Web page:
Fall 2011 Strategic Practice 4: Section 1 (Distributions and Expected Values for Discrete Random Variables) - Question 6
Job candidates $C_{1}, C_{2},...$ are interviewed one by one, and the interviewer compares them and keeps an updated list of rankings (if n candidates have been interviewed so far, this is a list of the n candidates, from best to worst). Assume that there is no limit on the number of candidates available, that for any n the candidates $C_{1}, C_{2},..., C_{n}$ are equally likely to arrive in any order, and that there are no ties in the rankings given by the interview. Let X be the index of the first candidate to come along who ranks as better than the very first candidate $C_{1}$ (so $C_{X}$ is better than $C_{1}$, but the candidates after 1 but prior to X (if any) are worse than $C_{1}$. For example, if $C_{2}$ and $C_{3}$ are worse than $C_{1}$ but $C_{4}$ is better than $C_{1}$, then X = 4. All 4! orderings of the first 4 candidates are equally likely, so it could have happened that the first candidate was the best out of the first 4 candidates, in which case X > 4. What is E(X) (which is a measure of how long, on average, the interviewer needs to wait to find someone better than the very first candidate)? Hint: find P(X > n) by interpreting what X > n says about how $C_{1}$ compares with other candidates, and then apply the result of the previous problem.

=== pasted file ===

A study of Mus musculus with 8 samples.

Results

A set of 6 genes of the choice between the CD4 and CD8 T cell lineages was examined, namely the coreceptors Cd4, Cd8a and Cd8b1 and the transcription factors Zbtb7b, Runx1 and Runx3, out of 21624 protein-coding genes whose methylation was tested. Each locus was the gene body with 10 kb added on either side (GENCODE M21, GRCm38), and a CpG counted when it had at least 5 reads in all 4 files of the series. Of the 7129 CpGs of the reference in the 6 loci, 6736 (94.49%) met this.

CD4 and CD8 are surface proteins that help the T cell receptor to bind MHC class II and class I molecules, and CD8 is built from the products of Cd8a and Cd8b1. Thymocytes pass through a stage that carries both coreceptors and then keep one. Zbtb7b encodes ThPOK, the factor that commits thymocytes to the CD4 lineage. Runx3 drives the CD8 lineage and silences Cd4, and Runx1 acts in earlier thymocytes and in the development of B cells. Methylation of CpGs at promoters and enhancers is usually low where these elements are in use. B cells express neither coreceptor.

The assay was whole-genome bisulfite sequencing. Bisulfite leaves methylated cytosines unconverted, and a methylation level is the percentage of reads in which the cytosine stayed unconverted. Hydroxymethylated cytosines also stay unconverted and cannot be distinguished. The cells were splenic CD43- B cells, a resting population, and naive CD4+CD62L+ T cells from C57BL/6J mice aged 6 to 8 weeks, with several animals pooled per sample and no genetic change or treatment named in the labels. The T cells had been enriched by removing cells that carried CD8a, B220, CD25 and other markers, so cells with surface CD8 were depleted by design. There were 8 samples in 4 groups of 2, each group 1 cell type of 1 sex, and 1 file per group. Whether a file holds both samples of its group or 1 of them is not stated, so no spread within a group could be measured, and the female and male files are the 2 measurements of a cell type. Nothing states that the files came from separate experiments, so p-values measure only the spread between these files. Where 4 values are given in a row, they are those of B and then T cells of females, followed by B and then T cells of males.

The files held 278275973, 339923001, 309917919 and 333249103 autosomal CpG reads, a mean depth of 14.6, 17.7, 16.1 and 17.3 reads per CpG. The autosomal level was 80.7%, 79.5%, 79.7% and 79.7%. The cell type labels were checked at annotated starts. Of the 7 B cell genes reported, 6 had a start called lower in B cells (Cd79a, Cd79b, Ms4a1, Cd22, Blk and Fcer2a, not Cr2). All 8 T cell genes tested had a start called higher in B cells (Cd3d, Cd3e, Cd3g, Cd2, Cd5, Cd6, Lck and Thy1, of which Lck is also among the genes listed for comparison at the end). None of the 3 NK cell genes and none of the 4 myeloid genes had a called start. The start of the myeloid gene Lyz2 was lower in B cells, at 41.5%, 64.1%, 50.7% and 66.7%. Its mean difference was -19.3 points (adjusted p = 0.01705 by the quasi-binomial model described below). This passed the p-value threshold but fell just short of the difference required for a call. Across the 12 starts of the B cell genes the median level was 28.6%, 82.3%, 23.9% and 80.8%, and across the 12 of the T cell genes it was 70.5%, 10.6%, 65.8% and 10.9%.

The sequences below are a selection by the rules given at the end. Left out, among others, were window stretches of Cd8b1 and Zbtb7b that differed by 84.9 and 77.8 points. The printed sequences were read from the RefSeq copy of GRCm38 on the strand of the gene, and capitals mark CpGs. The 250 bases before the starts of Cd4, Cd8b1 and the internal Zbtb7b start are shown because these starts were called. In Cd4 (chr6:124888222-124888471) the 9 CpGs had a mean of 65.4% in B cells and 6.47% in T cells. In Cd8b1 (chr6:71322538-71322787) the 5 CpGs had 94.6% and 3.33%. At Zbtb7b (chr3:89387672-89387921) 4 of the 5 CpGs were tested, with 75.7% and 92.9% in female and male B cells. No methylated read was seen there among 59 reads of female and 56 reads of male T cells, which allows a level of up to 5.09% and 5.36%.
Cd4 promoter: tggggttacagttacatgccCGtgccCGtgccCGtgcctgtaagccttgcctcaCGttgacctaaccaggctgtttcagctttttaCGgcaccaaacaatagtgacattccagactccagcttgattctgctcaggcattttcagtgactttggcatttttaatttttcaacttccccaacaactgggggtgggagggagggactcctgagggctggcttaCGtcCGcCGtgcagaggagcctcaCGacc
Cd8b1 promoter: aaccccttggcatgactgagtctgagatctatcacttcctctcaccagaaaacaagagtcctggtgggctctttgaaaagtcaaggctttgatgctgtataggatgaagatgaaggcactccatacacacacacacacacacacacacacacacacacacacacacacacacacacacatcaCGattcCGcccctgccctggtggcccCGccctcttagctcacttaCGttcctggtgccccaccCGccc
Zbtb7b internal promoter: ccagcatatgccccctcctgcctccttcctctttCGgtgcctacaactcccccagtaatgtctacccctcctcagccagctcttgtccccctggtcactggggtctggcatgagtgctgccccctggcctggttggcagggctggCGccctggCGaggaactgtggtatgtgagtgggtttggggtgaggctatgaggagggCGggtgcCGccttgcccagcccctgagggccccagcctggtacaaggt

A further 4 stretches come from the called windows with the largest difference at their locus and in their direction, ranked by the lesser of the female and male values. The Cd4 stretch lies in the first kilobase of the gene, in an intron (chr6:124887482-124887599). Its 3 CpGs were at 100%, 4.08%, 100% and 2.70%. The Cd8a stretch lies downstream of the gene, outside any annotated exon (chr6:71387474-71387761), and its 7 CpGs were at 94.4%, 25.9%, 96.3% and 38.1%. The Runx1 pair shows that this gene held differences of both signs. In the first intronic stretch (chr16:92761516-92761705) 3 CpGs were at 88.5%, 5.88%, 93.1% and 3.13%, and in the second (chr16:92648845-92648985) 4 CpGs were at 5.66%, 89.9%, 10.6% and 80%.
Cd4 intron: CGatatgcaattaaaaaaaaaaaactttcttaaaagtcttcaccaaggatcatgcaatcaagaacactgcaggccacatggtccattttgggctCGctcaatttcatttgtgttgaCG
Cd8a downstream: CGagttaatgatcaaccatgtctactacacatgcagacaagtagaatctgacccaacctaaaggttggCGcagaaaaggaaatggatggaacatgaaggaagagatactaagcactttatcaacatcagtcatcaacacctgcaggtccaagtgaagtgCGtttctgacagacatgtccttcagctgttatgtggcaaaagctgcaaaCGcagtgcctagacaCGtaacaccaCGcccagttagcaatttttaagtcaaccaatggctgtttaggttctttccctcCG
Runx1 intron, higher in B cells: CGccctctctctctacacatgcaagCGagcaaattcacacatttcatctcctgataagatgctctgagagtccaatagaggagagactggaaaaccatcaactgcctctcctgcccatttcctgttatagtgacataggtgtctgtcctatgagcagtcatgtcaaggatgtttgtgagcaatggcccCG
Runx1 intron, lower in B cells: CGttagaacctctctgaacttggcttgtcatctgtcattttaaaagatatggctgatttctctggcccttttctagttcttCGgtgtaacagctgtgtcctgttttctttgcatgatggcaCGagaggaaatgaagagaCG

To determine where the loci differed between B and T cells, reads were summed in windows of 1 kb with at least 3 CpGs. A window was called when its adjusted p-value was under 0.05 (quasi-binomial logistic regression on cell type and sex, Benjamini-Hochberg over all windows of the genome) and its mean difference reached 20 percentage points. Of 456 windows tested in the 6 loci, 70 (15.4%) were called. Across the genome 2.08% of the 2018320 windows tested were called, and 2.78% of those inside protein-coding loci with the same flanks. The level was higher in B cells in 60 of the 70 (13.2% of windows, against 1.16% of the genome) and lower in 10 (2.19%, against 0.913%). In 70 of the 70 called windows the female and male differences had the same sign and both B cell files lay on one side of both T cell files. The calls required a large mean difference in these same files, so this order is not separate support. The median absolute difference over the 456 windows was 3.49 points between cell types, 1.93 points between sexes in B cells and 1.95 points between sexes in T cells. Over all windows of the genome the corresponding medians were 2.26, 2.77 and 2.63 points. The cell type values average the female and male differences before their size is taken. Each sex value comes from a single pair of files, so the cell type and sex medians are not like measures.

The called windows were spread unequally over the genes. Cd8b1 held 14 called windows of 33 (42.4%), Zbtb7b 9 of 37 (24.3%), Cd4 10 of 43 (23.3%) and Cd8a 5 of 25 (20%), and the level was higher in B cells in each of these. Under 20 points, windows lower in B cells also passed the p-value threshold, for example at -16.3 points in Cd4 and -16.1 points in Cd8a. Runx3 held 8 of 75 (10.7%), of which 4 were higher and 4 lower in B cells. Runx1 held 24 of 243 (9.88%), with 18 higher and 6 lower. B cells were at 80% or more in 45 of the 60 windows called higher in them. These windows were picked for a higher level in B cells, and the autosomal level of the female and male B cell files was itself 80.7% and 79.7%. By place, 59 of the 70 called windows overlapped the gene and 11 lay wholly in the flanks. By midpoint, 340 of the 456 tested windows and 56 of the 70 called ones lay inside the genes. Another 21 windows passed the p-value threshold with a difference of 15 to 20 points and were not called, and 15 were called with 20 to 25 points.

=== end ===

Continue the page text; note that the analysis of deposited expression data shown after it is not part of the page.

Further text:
Solution: For n greater than or equal to 2, P(X > n) is the probability that none of C2, C3,..., Cn are better candidates than C1, i.e., the probability that the first candidate is the highest ranked out of the first n. Since any ordering of the first n candidates is equally likely, each of the first n is equally likely to be the highest ranked of the first n, so P(X > n) = 1/n. For n = 0 or n = 1, P(X > n) = 1 (note that it does not make sense to say the probability is 1/n when n = 0). Applying the result of the previous problem, E(X) = infinity. The series is the harmonic series, which diverges. How can the average waiting time to find someone better than the first candidate be infinite? In the real world, there are always only finitely many candidates so the expected waiting time is finite, just as in the St. Petersburg paradox there must in reality be an upper bound on the number of rounds. The harmonic series diverges very slowly, so even with millions of job candidates the average waiting time would not be very large.
"Mathematics is the logic of certainty, but statistics is the logic of uncertainty."